Get our free email newsletter with just one click

Pythonmania: of snakes and critics

A scene from Monty Python Live (Mostly) – a comedy show can be one man and a mic or have hundreds of cues and props. Photo: Ludwig Shammasian A scene from Monty Python Live (Mostly) – a comedy show can be one man and a mic or have hundreds of cues and props. Photo: Ludwig Shammasian
by -

So this was the week that was; the Python comeback. The O2 was awash with amateur knights who said ‘yay’, toy parrots and Life of Brian leftover extras; it was comedy’s closest moment to Beatlemania.

For me the event/spectacle/show, as that was what it was in a defining order, said as much about the relevance of comedy criticism than about the Python legacy.

At their last press conference before the O2 run, the troupe were asked if they were bothered by what the critics might say. “It’s too late anyway” rejoindered Eric Idle; “I can’t name one, can you?” came John Cleese’s retort, blunt as ever.

It’s as if they saw the indifference coming. To be fair they attracted responses from the ecstatic to the damning, with the median average that could be characterised as a benevolent shrug.

But the crowd’s ecstatic reaction inside the arena was the key measurement for some.

Jason Manford tweeted:

@JasonManford: Re: Monty Python. How on earth can a show that reportedly got a standing ovation receive negative reviews from journalists!?

Jim Davidson fanned the flames:

@JimDOfficial: @JasonManford It is because the little insignificant shits have to justify their existence. They have already written it before the show!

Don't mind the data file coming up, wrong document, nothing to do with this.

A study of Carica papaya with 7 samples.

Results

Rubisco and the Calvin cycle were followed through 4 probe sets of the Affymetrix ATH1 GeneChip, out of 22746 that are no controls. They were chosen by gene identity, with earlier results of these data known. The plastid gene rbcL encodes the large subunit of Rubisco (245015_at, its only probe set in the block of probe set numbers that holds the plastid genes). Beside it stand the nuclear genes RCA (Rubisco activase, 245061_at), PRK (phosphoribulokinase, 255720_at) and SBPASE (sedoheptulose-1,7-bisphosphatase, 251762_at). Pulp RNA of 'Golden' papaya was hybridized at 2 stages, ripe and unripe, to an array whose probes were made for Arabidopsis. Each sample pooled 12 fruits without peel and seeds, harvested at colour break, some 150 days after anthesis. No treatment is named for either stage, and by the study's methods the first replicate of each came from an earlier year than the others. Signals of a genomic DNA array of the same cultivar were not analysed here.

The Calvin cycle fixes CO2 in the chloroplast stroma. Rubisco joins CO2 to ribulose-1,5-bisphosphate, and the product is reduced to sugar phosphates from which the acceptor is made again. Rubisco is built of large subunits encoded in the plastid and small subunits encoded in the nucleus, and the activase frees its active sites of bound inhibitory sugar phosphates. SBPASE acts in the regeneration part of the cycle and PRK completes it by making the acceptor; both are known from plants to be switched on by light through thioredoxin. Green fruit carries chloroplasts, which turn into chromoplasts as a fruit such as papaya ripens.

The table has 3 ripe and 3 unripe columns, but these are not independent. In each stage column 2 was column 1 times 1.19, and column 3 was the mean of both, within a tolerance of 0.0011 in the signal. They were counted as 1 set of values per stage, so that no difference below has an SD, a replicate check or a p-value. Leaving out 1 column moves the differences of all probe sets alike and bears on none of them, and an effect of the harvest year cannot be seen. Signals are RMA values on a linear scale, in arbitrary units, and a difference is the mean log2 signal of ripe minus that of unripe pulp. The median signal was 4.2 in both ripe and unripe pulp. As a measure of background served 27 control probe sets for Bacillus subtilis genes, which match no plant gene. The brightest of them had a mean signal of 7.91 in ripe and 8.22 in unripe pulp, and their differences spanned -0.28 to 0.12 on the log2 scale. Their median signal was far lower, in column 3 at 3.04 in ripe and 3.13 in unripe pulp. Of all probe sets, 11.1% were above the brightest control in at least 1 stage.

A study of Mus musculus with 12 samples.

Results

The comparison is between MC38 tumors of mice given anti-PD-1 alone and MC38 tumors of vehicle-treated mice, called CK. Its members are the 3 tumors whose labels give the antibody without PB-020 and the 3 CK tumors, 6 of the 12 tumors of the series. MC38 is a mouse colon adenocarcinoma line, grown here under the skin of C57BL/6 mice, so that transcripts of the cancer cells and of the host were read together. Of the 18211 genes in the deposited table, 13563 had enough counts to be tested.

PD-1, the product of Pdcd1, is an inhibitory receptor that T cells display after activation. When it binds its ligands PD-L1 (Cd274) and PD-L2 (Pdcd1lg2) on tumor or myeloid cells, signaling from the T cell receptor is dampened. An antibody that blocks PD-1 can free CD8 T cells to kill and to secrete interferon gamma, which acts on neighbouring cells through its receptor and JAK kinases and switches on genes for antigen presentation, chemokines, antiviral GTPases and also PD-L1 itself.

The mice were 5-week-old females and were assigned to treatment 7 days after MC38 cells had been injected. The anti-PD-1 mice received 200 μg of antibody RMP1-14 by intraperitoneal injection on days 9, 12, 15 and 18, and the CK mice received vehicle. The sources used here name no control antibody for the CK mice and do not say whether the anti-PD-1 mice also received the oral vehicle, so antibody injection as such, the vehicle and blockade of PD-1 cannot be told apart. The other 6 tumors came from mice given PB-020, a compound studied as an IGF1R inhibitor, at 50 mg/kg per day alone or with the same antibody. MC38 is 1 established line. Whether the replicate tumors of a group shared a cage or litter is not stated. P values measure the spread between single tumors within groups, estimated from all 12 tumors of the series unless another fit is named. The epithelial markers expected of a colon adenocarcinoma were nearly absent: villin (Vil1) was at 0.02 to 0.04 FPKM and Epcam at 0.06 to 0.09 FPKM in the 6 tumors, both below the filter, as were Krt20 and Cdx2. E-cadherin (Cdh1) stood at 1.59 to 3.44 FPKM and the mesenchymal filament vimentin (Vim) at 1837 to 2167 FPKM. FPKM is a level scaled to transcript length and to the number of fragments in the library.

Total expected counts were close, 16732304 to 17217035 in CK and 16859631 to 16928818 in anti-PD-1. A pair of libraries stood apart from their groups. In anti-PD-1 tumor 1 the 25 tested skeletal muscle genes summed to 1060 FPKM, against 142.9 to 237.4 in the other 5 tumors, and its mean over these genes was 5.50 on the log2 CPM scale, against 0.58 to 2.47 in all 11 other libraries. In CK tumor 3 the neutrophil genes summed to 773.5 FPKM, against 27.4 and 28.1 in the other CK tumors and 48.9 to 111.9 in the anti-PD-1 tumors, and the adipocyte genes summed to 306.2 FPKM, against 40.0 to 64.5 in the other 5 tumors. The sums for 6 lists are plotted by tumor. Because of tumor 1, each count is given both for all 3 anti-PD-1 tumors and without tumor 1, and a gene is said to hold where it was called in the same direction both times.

Luckily, there were some voices of reason:

@BeardedGenius: @JasonManford In fairness the Pythons could come on stage and just stand there and people would give them a standing ovation.

To be fair there was something out of synch about the whole affair. There are so many sliding scales here: how much of a fan were you to start with, what were your expectations, what can you compare it with?

The Python reunion/farewell might be the closest thing the genre has to Beatlemania (barring brief Booshism and Michael McIntrye) but seeing the Pythons live wasn’t as life-affirming as watching the Rolling Stones last year, for example.

That’s hardly fair, I know, but the exuberance lacking from some sketches did make me feel uncomfortable about reprising these legendary skits. Rock anthems capture enduring emotions, sketches come with more contextual baggage, and their evolution has been more marked than three chords could ever allow.

So, the sketches with refrains closest to catchphrases, such as the Dead Parrot sketch, fared better because they have an identifiable chorus opportunity – then there is the Lumberjack song, well that’s an anthem now. Oh, but what about The Argument Sketch? Oh, that’s just one of those timeless, tightly-written things…(no it isn’t, yes, it is…etc, etc).

Complicated? Yes, that’s why criticism has to go deeper than a gut reaction to give a standing ovation, an impulse driven by feelings other than analysis. Yes, critics are killjoys, but they don’t set out to be so.  We all want a good (k)night out.

Read The Stage review here

We need your help…

When you subscribe to The Stage, you’re investing in our journalism. And our journalism is invested in supporting theatre and the performing arts.

The Stage is a family business, operated by the same family since we were founded in 1880. We do not receive government funding. We are not owned by a large corporation. Our editorial is not dictated by ticket sales.

We are fully independent, but this means we rely on revenue from readers to survive.

Help us continue to report on great work across the UK, champion new talent and keep up our investigative journalism that holds the powerful to account. Your subscription helps ensure our journalism can continue.